John Wall has not been shy to voice his thoughts about his place among Team USA’s hierarchy. He was initially left off the preliminary 28-man roster for the 2014 World Cup of Basketball before he was added four days before camp started in Las Vegas. Then he was among the first cuts. And after participating in USA Basketball’s minicamp last summer, the Washington Wizards’ point guard bluntly said he doesn’t expect to make Team USA for the Olympics in Rio de Janeiro this summer.
But last week, Los Angeles Clippers guard Chris Paul withdrew himself from Olympic consideration, citing the toll and time required to participate in the tournament. Paul, who turns 31 next month, won gold in Beijing in 2008 and in London in 2012. He was a shoe-in to make Team USA again for the chance to win gold a third time. His absence creates an open spot in the back court, where a logjam of talented point guard candidates include Stephen Curry, Kyrie Irving, Russell Westbrook, and Damian Lillard. Could Wall step in and seize it?
“I don’t know,” Wall said last week. “There’s still other guys out there. Steph’s out there, Kyrie’s out there, that played in it. Russ is still out there. So you have to wait and see.”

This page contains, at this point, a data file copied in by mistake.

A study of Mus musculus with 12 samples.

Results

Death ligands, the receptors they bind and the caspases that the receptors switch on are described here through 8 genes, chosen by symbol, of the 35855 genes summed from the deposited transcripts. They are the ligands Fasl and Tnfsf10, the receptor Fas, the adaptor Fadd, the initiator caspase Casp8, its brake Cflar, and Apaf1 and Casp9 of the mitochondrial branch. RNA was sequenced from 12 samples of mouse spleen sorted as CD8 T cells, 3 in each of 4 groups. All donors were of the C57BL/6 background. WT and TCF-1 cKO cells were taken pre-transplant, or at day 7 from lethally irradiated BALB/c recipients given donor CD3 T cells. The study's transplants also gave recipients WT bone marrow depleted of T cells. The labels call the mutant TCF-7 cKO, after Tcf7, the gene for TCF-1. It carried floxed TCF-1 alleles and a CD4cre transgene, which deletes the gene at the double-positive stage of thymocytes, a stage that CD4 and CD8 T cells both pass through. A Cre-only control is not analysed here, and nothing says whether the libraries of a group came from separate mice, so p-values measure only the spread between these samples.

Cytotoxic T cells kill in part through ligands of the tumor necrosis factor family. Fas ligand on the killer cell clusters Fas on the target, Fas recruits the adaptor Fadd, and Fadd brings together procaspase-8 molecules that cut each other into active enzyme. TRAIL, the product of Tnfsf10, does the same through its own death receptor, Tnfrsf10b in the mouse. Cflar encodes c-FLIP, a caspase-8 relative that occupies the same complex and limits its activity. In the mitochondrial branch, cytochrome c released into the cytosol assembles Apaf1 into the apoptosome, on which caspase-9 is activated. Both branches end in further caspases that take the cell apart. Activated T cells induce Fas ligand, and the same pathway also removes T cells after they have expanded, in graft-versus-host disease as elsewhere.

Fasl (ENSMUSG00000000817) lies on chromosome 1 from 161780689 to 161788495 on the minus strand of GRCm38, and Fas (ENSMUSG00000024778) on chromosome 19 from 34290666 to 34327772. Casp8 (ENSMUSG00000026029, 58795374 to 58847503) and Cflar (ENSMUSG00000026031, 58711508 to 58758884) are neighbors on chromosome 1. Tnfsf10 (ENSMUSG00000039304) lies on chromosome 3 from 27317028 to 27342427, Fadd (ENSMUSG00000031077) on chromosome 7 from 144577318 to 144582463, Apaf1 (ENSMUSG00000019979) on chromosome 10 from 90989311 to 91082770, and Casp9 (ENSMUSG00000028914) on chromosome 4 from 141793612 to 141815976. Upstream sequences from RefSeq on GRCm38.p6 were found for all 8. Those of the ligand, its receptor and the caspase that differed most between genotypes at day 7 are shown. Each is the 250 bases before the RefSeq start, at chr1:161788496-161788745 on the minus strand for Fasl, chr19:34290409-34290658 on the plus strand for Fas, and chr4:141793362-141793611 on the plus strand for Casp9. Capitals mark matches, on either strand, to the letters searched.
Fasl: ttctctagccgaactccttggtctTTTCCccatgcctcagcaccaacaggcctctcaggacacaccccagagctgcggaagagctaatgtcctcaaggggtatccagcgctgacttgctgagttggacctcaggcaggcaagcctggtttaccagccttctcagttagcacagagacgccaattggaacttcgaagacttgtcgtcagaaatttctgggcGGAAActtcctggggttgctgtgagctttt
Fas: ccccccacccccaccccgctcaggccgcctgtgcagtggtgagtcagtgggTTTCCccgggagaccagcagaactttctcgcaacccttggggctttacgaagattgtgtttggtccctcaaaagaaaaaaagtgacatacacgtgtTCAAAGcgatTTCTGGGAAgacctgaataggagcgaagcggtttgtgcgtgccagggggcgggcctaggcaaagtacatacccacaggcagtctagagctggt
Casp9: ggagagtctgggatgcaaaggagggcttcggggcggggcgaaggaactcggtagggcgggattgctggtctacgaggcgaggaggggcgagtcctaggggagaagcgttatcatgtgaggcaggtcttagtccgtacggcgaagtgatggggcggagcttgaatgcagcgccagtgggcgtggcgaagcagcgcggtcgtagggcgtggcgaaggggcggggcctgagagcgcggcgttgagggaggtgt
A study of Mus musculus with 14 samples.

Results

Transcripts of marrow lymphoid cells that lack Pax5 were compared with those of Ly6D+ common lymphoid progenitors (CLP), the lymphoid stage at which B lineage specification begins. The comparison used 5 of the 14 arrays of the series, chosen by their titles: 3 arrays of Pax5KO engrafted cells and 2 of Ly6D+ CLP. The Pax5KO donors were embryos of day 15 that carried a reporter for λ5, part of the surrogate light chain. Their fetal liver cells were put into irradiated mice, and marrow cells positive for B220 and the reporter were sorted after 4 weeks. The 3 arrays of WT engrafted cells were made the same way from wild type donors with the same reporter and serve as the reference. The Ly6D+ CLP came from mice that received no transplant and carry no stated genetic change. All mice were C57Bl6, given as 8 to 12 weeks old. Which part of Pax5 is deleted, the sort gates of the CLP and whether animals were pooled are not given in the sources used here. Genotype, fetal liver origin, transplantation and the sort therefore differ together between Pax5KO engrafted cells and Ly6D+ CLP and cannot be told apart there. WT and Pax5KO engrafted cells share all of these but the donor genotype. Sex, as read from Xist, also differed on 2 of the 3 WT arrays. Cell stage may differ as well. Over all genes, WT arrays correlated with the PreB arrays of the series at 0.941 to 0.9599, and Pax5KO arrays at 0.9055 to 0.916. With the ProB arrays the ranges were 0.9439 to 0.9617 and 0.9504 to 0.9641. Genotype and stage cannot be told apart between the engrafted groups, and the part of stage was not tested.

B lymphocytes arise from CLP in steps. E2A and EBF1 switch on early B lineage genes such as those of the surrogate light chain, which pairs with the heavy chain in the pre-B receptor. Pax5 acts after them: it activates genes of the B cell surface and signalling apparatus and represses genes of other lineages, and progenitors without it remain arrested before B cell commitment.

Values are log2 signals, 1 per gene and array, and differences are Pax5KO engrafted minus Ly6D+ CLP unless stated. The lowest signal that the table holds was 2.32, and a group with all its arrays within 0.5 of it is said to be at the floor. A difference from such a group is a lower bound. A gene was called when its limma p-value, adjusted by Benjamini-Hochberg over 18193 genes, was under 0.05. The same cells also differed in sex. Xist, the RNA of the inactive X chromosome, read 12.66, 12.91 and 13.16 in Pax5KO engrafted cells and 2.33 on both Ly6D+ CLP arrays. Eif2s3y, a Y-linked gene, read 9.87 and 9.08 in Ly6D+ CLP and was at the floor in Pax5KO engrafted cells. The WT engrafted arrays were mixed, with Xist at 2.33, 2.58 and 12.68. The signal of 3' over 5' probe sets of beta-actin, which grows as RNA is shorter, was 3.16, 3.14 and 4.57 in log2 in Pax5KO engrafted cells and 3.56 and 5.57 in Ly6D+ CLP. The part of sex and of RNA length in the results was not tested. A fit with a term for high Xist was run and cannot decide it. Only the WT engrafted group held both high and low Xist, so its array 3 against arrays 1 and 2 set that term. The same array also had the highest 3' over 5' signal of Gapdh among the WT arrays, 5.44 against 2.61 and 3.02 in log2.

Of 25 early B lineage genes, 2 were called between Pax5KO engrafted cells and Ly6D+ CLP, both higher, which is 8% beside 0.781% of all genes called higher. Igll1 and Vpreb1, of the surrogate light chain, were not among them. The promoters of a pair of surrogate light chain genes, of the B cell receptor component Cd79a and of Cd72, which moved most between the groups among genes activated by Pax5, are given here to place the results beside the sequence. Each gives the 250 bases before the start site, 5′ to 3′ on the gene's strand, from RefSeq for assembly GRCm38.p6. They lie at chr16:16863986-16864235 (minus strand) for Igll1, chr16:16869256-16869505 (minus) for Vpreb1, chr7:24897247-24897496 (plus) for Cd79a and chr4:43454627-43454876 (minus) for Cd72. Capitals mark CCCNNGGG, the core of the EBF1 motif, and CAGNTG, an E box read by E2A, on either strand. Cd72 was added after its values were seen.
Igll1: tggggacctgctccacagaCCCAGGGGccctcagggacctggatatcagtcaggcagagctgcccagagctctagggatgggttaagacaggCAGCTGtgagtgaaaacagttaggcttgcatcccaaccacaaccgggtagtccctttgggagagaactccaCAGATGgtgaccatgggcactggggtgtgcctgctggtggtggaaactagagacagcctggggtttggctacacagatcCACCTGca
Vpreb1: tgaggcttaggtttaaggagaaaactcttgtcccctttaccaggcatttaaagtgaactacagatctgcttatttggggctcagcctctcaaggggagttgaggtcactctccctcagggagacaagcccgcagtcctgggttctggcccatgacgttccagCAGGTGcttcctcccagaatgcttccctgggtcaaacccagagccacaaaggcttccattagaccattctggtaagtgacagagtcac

Wall, along with teammate Bradley Beal, was named among the finalists for the Olympic team in January. The final 12-man roster will be revealed later this year. Like Paul, Wall is a pass-first point guard and he ranks third in the NBA in assists (10.2) in his sixth season.
But Westbook has improved in that department and ranks second in assists (10.4) after winning the scoring title last season. Curry has ascended to become the undisputed world’s best player, Irving played under Coach Mike Krzyzewski at Duke, and Lillard has taken his game to another level this season. Irving, Curry and Lillard are also better shooters than Wall.
“Everybody would always want to win a gold medal,” Wall said. “But I feel like there’s a lot of guys in it that’s already been on the team. I’d rather have my summer to get better and work on my craft if I don’t have a real shot at going to it.”
Wall said believes he proved himself worthy of earning a spot on the team with his individual the last two seasons, but Washington’s disappointing season probably won’t help his chances.
“It’d be big,” Wall said of the opportunity to play in the Olympics. “It’d be huge. It’d probably be one of the biggest honors that I’d ever have if I ever have the opportunity to play and win a gold medal. It’d be my biggest honor other than going to the elite eight.”